On a strong bipartisan vote, the House of Representatives approved a plan to put as much as $700 million toward building schools to reduce K-3 class sizes and comply with the state Supreme Court’s order to fully fund education.
“This isn’t the Republican solution or the Democratic solution – it’s the right thing to do,” said Rep. Drew MacEwen (R-Union), assistant ranking member on the Capital Budget Committee. “We cannot continue to advocate for smaller class sizes in K-3 classrooms without funding the construction that allows for the required reductions.”
House Bill 2797 passed with a 90-7 vote after members from both parties spoke in favor of the legislation, which focuses on building classrooms for the youngest students: kindergarten through third grade, where research suggests smaller class sizes are critical.
“Kids need classrooms,” said Rep. Hans Dunshee (D-Snohomish), chair of the Capital Budget Committee. “We’re creating 7,000 jobs from Aberdeen to Walla Walla while building good classrooms for our youngest students, and we did it by working together, across party lines.”
Rep. Monica Stonier (D-Vancouver), a teacher, said she works in a school built decades ago that basically has regular student access to two working bathrooms for 1100 students. Students need basics like schools with enough bathrooms and class sizes small enough for one-on-one time.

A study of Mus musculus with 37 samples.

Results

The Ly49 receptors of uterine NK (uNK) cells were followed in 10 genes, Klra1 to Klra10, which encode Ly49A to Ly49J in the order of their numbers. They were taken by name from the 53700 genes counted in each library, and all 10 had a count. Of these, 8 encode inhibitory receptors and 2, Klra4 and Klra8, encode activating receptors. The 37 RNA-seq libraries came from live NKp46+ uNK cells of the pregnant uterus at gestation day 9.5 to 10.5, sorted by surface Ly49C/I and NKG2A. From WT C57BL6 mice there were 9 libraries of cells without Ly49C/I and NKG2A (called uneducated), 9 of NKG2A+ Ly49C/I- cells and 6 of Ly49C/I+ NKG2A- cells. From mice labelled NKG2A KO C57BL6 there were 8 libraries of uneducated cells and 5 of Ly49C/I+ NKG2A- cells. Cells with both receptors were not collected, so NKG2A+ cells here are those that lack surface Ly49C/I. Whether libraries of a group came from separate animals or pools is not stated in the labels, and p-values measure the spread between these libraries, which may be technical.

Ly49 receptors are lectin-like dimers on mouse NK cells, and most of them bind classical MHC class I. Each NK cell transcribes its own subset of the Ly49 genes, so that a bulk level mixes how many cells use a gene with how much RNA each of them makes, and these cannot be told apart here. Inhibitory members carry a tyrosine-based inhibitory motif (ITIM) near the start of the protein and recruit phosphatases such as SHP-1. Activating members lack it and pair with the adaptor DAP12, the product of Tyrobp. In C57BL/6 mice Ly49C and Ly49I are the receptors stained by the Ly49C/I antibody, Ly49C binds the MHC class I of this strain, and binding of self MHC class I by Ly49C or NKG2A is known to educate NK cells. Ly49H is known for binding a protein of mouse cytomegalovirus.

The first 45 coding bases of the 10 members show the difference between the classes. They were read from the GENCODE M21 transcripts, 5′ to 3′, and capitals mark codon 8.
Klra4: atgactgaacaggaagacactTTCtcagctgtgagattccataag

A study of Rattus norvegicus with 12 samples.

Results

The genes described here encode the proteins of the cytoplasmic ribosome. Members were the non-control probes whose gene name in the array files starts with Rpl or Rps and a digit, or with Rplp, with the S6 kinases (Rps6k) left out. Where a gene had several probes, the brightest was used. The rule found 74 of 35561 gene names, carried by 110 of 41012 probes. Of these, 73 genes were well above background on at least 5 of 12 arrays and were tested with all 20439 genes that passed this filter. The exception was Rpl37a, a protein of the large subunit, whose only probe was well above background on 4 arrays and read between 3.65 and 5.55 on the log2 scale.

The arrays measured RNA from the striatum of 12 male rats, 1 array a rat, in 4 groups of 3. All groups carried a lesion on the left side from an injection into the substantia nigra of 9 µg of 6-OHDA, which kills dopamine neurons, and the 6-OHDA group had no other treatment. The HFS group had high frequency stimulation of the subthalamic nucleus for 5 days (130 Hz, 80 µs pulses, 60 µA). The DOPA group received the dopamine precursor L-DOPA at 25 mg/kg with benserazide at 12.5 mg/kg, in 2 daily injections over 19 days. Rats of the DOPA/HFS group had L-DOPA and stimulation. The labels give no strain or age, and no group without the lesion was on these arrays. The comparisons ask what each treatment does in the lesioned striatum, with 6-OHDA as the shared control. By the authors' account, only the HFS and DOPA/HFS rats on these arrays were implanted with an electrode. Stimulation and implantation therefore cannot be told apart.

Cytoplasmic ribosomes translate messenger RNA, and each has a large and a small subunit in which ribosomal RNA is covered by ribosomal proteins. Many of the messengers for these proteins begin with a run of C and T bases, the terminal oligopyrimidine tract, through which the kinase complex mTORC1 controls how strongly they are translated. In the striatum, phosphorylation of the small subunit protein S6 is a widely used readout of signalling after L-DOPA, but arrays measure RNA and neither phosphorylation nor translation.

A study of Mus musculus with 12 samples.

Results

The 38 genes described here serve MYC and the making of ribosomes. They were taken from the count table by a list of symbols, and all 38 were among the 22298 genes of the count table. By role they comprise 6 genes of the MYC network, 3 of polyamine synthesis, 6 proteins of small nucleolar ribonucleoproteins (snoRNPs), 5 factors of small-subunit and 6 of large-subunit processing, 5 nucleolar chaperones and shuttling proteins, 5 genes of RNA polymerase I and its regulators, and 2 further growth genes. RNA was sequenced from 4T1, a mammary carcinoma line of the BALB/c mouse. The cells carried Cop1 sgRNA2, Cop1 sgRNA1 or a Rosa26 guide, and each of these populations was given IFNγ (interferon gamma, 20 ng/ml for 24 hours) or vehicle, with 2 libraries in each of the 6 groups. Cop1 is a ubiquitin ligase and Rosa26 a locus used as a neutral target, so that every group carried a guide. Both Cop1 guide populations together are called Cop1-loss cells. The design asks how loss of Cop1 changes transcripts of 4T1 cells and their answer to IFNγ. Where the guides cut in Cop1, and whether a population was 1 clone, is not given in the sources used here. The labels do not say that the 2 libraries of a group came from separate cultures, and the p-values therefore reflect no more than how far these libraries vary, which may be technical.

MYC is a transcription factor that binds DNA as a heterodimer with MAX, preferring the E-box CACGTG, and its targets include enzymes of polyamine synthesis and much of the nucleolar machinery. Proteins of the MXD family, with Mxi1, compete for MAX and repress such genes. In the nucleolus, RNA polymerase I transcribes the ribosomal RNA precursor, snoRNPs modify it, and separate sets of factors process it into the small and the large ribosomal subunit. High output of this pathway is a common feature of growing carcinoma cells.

“As a mother and a teacher, I see that moment when the light goes on in a child’s eyes, when they’re full of the wonder and delight of learning, and you have to capture that moment,” Stonier said. “But you can’t do that in an overcrowded classroom. Kids need that one-on-one time.”
School districts across the state are in need of additional classrooms to offer their students smaller class sizes, including 346 additional classrooms needed in Seattle alone, 150 in Spokane, 120 in Vancouver and 57 in Snohomish. A list of school districts and their reported classroom needs can be found here.
The House also passed a supplemental capital budget, Senate Bill 6020, which could create as many as 2,500 jobs while cleaning the environment, building mental health facilities and helping schools, including nutrition equipment to move school lunchrooms away from deep fried food and instead chop fresh fruits and vegetables.
“It’s great for kids, it’s great for parents trying to get their kids to healthier foods and it’s great for our local farmers,” said Rep. Marcus Riccelli (D-Spokane). “This is also a small step in the fight to reduce childhood obesity and diabetes.”
SB 6020 passed on a vote of 92-4.
Both bills are now in the Senate for further consideration.